Product and price are all very well, but it also takes the right colour, image and shape on the sign for the message to reach the right target group. Per Alamiekkoja, founder of Shoppa, talks about the most important keys to effective, targeted customer communication.
There is a lot of talk about targeted marketing in the retail sector. More and more companies are striving to give relevant, more personal offers to customer club members. But not everyone thinks about the importance of a targeted communication in mass marketing as well, for example in the form of signs.
The Swedish Transport Administration is great at targeted communication. With their road signs, they help drivers choose the right direction depending on where they are travelling, explains Per Alamiekkoja. He argues that the retail sector could be improved in this area, using in-store signs to guide different target groups towards the right products in a store.
“How are we communicating to the intended target group? This is the question that companies must ask themselves each time an in-store sign is hung up. Usually it’s the retail chain’s graphic design that determines the appearance of the signs, with not a thought about the fact that this might exclude the target group. In this case, the communication is adapted to the sender only, not the receiver,” he says.
The keys to effective in-store communication
Per Alamiekkoja has put together a list of the most important keys for communication in a dream store. The first key is colour. “In our society, we have learnt the language of colours for items such as taps, toilet doors and traffic lights. In the retail sector, we also use certain colours to represent different messages. For example, is red the colour for sales or low prices, green represents organic food and environment-friendly items. But colours can be used even more in our in-store signage.”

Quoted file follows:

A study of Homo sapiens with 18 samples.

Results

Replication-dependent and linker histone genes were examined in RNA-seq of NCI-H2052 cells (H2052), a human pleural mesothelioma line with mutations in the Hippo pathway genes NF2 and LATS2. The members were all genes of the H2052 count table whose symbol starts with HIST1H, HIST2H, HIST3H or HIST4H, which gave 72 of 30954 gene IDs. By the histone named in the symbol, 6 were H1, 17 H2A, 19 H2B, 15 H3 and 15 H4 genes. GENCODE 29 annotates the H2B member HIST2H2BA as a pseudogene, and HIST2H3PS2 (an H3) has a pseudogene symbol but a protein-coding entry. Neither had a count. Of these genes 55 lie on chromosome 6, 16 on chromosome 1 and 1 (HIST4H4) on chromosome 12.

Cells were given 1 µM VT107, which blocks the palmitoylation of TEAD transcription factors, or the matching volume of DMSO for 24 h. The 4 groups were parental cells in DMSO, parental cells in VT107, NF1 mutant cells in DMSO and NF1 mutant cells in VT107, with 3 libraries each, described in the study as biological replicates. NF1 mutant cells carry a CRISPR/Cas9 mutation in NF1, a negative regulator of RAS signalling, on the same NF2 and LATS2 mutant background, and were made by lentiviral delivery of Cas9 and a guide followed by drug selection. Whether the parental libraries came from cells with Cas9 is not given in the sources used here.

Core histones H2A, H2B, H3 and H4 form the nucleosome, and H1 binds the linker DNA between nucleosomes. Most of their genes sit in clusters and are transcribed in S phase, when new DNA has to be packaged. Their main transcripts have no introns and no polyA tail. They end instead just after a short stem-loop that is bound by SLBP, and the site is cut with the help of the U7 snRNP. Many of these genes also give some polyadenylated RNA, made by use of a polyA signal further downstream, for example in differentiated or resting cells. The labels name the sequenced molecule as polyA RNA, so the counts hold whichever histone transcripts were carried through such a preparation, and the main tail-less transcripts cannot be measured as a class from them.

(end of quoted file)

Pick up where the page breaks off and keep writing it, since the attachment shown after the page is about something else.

Boost the message using images
The second key is image. It is said that a picture paints a thousand words, so a product image on a sign is naturally a great help to boost the message. Especially for someone who does not speak the same language, says Per.
The shape, key number three, can be used for both the in-store sign and the message on it. Round or sharp shapes can send out completely different messages.
Key number four is the font. There is a great difference between thin, fancy fonts and bold, angular ones.
“The font can rub off on the products. This is why it is so important to think through the graphical profile in the store before the signs are made,” says Per.
How much information, the fifth key, a sign should contain depends entirely on the products to be sold. The choice of words is also important. How we express ourselves is vital to be able to reach our target group.
The format is another key. Different sizes of signs can contribute to different effects. Here is my proposition of how to guide the customers to buy a product: begin with a placard outside the store that draws in customers. Follow up inside the store with smaller signs that show the way to the products. Finish with labels right next to the products to help customers with their purchasing decision, suggests Per.
The seventh key, the sign’s structure, also plays a major role. Research results show how the price, for example, can be perceived differently depending on where on the sign it is placed, explains Per.
Combine physical and digital signs
Should we use physical or digital signs? This is a question that many are asking themselves right now. But it does not have to be an either/or situation, according to the founder of Shoppa. “Quite the opposite, the combination is the ultimate solution! It is the interaction between physical and digital signs that simplifies customers’ purchasing decisions considerably. This is one of Shoppa’s strengths – to be able to work with both types of signs. It is just as easy to create digital ones as physical signs.
Targeted customer communication
The ninth and final key is target adaptation. “All of the keys are about being more targeted, but this is so important that I want to talk about it a bit more,” says Per. “It’s about creating other opportunities to communicate to encourage customers to make purchasing decisions. We all need to move towards more targeted customer communication in order for the stores to be successful in the fierce competition in today’s retail sector.”